We're often reminding our clients that they need to own their domain and know the address, but what does that even mean? How does it have an address? What is a domain, DNS and an IP address, and why do you need access?
We’re often reminding our clients that they need to own their domain and know the address, but what does that even mean? How does the Internet have an address? What is a domain? Well, simply put, your domain is how people find your website. When you open up your Internet browser and type “infomedia.com,” for example, into the address bar, some wonderful and magical things happen. Digital gnomes make their way out into the world to fulfill your request. They pour over volumes of information to find the exact website you’re looking for and bring it back to you safely.
Ok, so digital gnomes may not actually be part of the process, and what actually happens is slightly more technical than magical.
In the end, every website is housed at an IP address. Infomedia’s is 184.108.40.206. You can enter this number into your browser right now, and still land on our homepage, no different than if you typed “infomedia.com.” The thing is that all websites are like this, and each has its own corresponding IP address. This is great for computers, but not so great for humans. We humans don’t always have the best of memories, and attempting to remember a 12 digit string of numbers for every site we visit could be a pretty daunting task.
This is where that technical/magic happens. We have a system that allows us to tie those strings of numbers to a simple word or phrase, like “infomedia.com,” “google.com,” “facebook.com.” So now, rather than having to type 220.127.116.11, we can simply type “infomedia.com” and get to where we need to go.
This system is called the Domain Name System, or more often known as DNS. The Domain Name System can be thought of much like a phone book. It’s a list of names (domain) along with their corresponding number (IP address). It’s a way to link domains to their IPs in a way that makes it easy for both humans and computers to understand.
So why is this important for you, the client, to know?
Why It’s Important to Own Your Domain
At Infomedia, we always emphasize the importance of owning and having control over your domain. Your domain is one of the most important parts of your website. Without your domain, no one will be able to visit your site (no matter how amazing it is), unless they know the direct IP address … which, if they’re a human and not a computer, they probably don’t.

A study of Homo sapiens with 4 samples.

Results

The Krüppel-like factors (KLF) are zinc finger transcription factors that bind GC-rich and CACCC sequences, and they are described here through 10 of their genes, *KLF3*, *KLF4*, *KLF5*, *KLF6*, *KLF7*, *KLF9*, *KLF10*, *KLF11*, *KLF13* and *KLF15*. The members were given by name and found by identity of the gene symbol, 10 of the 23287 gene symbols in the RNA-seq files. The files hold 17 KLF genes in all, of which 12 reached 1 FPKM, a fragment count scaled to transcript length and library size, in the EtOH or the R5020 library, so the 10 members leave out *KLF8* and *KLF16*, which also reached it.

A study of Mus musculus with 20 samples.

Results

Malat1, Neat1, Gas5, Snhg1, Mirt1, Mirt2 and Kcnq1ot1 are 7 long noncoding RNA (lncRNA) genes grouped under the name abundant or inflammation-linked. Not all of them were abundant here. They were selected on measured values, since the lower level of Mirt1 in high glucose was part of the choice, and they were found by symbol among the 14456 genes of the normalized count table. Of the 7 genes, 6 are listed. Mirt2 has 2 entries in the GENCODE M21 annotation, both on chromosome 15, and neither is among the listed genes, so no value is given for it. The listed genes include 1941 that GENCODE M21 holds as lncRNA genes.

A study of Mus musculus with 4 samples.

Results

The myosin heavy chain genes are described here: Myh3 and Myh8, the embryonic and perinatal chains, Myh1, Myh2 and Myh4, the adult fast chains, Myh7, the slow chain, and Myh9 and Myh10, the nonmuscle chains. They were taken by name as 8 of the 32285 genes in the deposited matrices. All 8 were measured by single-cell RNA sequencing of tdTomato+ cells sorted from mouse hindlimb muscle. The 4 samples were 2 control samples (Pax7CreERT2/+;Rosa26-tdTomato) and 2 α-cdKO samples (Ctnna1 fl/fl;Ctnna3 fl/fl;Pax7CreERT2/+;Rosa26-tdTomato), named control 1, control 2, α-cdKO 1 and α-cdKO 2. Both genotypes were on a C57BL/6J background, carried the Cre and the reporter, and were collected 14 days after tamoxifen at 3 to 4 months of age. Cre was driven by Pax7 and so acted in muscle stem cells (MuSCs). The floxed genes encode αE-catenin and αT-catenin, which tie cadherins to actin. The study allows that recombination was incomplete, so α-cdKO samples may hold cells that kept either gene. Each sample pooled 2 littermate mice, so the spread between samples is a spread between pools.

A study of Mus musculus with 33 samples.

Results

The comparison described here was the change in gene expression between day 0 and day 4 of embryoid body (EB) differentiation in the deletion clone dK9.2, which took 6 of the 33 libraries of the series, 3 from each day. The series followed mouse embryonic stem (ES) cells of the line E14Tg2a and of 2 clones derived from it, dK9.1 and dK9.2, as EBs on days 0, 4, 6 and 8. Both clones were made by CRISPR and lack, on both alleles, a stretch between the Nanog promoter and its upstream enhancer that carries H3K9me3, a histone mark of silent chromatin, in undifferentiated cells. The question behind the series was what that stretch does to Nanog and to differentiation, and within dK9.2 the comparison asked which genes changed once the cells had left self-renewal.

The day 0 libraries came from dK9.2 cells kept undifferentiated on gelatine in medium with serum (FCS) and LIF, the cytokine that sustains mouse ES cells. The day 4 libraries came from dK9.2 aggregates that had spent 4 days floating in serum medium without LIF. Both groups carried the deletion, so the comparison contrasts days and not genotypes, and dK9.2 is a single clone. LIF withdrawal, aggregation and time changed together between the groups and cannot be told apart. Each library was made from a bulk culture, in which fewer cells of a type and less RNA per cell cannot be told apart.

Imagine opening a phone book with no names and just numbers. There’s no context to know who any of those numbers lead or belong to. The same goes for your website. Without a domain, you’d just be lost in the sea of digits.
Owning that piece and having control over it is very important. The sad thing is that we see new clients every day that don’t have access to their domain. They don’t know where it was purchased or the login information needed to get to it. Without that information, there’s no way to point that domain name (using the DNS) to where your new site will kept. Plus, not having control over your domain can lead to having to purchase a new domain which can cause several unfortunate things:
Loss of brand recognition
Loss of current clients, since they can no longer find you at the old domain
Malfunctioning email addresses or other website services
Lost Search Engine Optimization (SEO)
Out-of-date business cards, pamphlets, brochures and marketing materials that have to be reissued
So, What Can You Do?
When you purchase your domain, make sure that you write down and save any login information or account details somewhere safe that you’ll remember. Also, if someone else — friend, family member, or even a website design company — purchases the domain for you, make sure that you have full access, in the event they are no longer available to make changes.
Having a website without a way to point your domain to it is frustrating, confuses the digital gnomes, and generally causes havoc for your website or your business. The good news is, preventing these problems is easy: If you have access to your domain, protect it. And if you don’t have access to your domain, start the process now — before those gnomes lose their way and it’s too late.